Well known for the fierce local pride of many residents, Morley has its own identity, which is understandable, as it didn't become part of Leeds until 1972. Over the years, Morley-folk have had a big impact on the rest of the world, with famous names like Ernie Wise of Morecambe & Wise, war-time prime minister Herbert Henry Asquith, and even Helen Fielding, author of the world famous Bridget Jones’ Diary all hailing from Morley. In this blog post, I’m taking a quick look at 5 of the most famous names to come out of Morley.
Herbert Henry Asquith, 1st Earl of Oxford and Asquith is known for being the Prime Minister who took Britain into the First World War. He was born in Church House in Morley, which incidentally was on the market with Manning Stainton last year. He had a long and affluent career in Politics and was a well-known Liberal, responsible for many pieces of legislation which still have significant influence in the present day.
Sir Titus Salt
Titus Salt is best known as the Mill Owner and philanthropist who built the village of Saltaire in Bradford. During a period of time where the standard of living was far from positive, Salts village provided unparalleled living quarters for his workers, which survive to this day. Although there are many myths and legends surrounding Salt, who was a fiercely private individual, his legacy inspired many communities across the world on how to avoid disease and lead the way in the fair treatment of workers. As well as an influential mill owner, who was amongst the richest in the UK, Salt was also the Mayor of Bradford for a short time.
Few people in the UK will fail to recognise the name of Morecambe and Wise. They were one of the most famous comedy duos to grace British television screens. They were essentially the Ant and Dec or their time, entertaining people with their unique TV shows and in particular their Christmas specials. Interestingly, the duo originally planned on naming their act after their perspective birthplaces “Morecambe and Leeds,” however they agreed that the combination would make the act sound too much like a cheap day return and settled on “Morecambe and Wise.”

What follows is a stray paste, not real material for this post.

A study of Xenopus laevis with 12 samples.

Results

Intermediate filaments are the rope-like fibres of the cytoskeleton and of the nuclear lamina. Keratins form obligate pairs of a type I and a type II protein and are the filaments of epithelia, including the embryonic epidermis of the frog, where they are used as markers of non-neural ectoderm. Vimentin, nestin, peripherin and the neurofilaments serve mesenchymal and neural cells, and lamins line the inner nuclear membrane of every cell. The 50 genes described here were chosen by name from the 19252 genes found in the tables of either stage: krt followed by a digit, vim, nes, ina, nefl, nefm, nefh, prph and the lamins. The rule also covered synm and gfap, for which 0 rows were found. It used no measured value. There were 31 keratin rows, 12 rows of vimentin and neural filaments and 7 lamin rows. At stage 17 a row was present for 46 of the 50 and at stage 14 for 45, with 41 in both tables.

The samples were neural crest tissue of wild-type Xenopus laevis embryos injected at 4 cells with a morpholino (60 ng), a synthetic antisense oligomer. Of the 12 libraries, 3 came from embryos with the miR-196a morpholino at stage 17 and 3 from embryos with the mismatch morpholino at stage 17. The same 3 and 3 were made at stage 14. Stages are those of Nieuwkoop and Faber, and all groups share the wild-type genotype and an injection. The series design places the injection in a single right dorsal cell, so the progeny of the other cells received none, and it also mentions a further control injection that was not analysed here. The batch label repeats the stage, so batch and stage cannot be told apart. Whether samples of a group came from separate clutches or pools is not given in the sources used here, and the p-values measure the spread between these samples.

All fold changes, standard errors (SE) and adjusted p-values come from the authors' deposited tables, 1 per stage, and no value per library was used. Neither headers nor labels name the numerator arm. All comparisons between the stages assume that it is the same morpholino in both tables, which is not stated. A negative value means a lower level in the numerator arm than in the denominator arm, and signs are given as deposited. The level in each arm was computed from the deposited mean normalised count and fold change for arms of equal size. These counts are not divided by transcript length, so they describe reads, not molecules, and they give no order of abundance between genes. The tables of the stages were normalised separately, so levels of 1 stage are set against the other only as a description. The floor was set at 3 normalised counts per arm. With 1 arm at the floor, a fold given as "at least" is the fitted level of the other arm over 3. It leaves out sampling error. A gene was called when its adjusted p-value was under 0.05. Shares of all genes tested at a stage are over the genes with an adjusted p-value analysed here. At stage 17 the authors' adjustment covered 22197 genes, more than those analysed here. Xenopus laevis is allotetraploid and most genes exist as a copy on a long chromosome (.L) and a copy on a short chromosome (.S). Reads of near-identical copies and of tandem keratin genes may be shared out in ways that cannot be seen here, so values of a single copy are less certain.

Helen Fielding is a novelist and screenwriter who shot to fame after creating the quintessentially British character, Bridget Jones. Her books were published in over 40 countries and sold over 15 million copies and was even named “one of the ten novels that best defined the 20thcentury. The subsequent films which were produced in light of the novel's success were incredible successes in the UK, USA and many countries across the world. Fielding has been an influential person, even outside of her literature, writing columns for The Sunday Times, The Independent and The Telegraph.
Henry Inman was a wrestler, who at the age of 33, represented Britain as a bantamweight wrestler at the Antwerp Olympic Games in 1920, and again at the Paris Olympics held in 1924. He served in the West Yorkshire regiment throughout World War I before being demobilized in 1920. After his career as an Olympian Inman continued coaching local Leeds Wrestlers.